Unanticipated costs can quickly become the bane of any business project, customer experience (CX) or otherwise, if they’re not carefully considered before pens have been put to paper. It’s thus imperative for CX practitioners who want to pitch their programs to anticipate and prepare for unexpected costs as much as possible.
We’ve listed the three most effective considerations that practitioners can use to anticipate and avoid unexpected experience program costs:
- Vendor Scalability
- Vendor Flexibility
- Nonparticipation Costs
Factor #1: Vendor Scalability
This tip may seem gratuitous, but program scalability actually isn’t considered as often as it should be, and brands can end up paying extra for that mistake. Practitioners can avoid a lot of headaches with their own teams, the C-suite, and the accounting department by selecting an experience partner that can scale programs from the very beginning.
This approach enables brands to select and begin a program that grows alongside both their CX accomplishments and aspirations. It also allows organizations to reduce operating costs from the very beginning, which can result in both a much healthier program and a CX budget that always stays in the black. CX practitioners can use this method to strive for an ambitious program while still avoiding unanticipated costs.
Factor #2: Vendor Flexibility
Though picking an experience partner and implementing its capabilities is no small task, the days of rigid, prepackaged experience programs are drawing to a close. This is great news for businesses because they can now work with vendors to create a versatile experience solution instead of attempting to wrap themselves around an unflinching list of features (many of which a given company may not actually need).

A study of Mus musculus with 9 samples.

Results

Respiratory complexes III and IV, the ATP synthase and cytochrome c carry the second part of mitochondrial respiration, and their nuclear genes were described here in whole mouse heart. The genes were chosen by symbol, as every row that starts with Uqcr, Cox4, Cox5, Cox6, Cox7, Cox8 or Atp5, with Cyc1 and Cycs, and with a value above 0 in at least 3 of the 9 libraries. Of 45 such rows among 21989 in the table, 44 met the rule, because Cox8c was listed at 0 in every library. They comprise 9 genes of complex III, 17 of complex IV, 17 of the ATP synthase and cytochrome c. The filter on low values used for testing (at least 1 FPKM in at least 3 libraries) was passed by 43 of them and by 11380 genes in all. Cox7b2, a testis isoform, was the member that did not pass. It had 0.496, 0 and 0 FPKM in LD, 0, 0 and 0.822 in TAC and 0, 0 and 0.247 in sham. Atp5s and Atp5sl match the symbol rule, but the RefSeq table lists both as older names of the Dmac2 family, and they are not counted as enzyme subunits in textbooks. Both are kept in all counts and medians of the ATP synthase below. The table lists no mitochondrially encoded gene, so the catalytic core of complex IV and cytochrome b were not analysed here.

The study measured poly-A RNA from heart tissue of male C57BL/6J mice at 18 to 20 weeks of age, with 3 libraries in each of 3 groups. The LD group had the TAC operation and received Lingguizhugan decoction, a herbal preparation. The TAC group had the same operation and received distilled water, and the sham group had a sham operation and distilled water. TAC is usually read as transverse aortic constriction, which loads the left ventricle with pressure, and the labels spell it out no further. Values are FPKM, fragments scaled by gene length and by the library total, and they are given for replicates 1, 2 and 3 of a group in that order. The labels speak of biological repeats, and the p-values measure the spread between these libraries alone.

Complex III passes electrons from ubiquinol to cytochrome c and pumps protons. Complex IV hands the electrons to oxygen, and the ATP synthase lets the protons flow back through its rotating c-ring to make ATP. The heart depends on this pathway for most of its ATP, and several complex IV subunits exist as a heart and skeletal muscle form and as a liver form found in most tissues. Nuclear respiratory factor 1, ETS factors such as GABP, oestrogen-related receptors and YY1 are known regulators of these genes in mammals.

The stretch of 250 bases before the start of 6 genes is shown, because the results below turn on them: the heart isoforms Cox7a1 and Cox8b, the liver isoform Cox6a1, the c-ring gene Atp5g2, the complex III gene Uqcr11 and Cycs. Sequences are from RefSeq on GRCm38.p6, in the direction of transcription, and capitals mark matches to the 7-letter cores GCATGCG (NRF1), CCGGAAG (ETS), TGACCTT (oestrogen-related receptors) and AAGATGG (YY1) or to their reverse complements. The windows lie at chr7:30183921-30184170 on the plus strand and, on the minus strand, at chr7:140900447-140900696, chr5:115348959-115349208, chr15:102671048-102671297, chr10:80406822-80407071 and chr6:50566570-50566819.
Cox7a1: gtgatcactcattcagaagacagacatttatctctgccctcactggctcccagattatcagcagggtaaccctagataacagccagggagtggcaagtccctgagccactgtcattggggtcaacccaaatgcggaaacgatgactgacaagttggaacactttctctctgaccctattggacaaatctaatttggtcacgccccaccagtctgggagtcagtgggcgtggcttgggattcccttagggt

Solution flexibility enables CX practitioners to avoid unanticipated costs by paying only for what they need from a vendor. For example, would your brand benefit from an analytics team or does that capability already exist within your organization? What about a self-service approach versus full management from the vendor? Once practitioners consider these questions, they should select a partner that’s flexible enough to meet their needs without showering them in unneeded extras and—you guessed it—unnecessary costs.
Factor #3: Nonparticipation Costs
There’s another element to cost consideration that often goes, well, unconsidered when brands talk about implementing an experience program, and that’s what happens when companies don’t have such an initiative in place.
Feedback collection, experience improvement, and customer centricity are all more important now than ever before. These ideas are the means by which brands can both create a better experience for customers and use that capability to plant a flag at the top of their vertical. Therefore, brands should consider the very real opportunity cost of not collecting, analyzing, and implementing feedback. An experience program isn’t a luxury anymore—it’s non-negotiable for any company that wants to succeed.
Taken together, these three methods can empower brands and the experience practitioners who work for them to avoid unanticipated costs and keep their programs viable. They can then use their programs to achieve what we just talked about: a meaningfully improved experience for customers and thus a more commanding presence in their marketplace.
For more information on how to effectively pitch and prove the worth of CX programs to anyone and everyone, check out our new eBook on how you can make a business case to your CFO (or anyone else) here.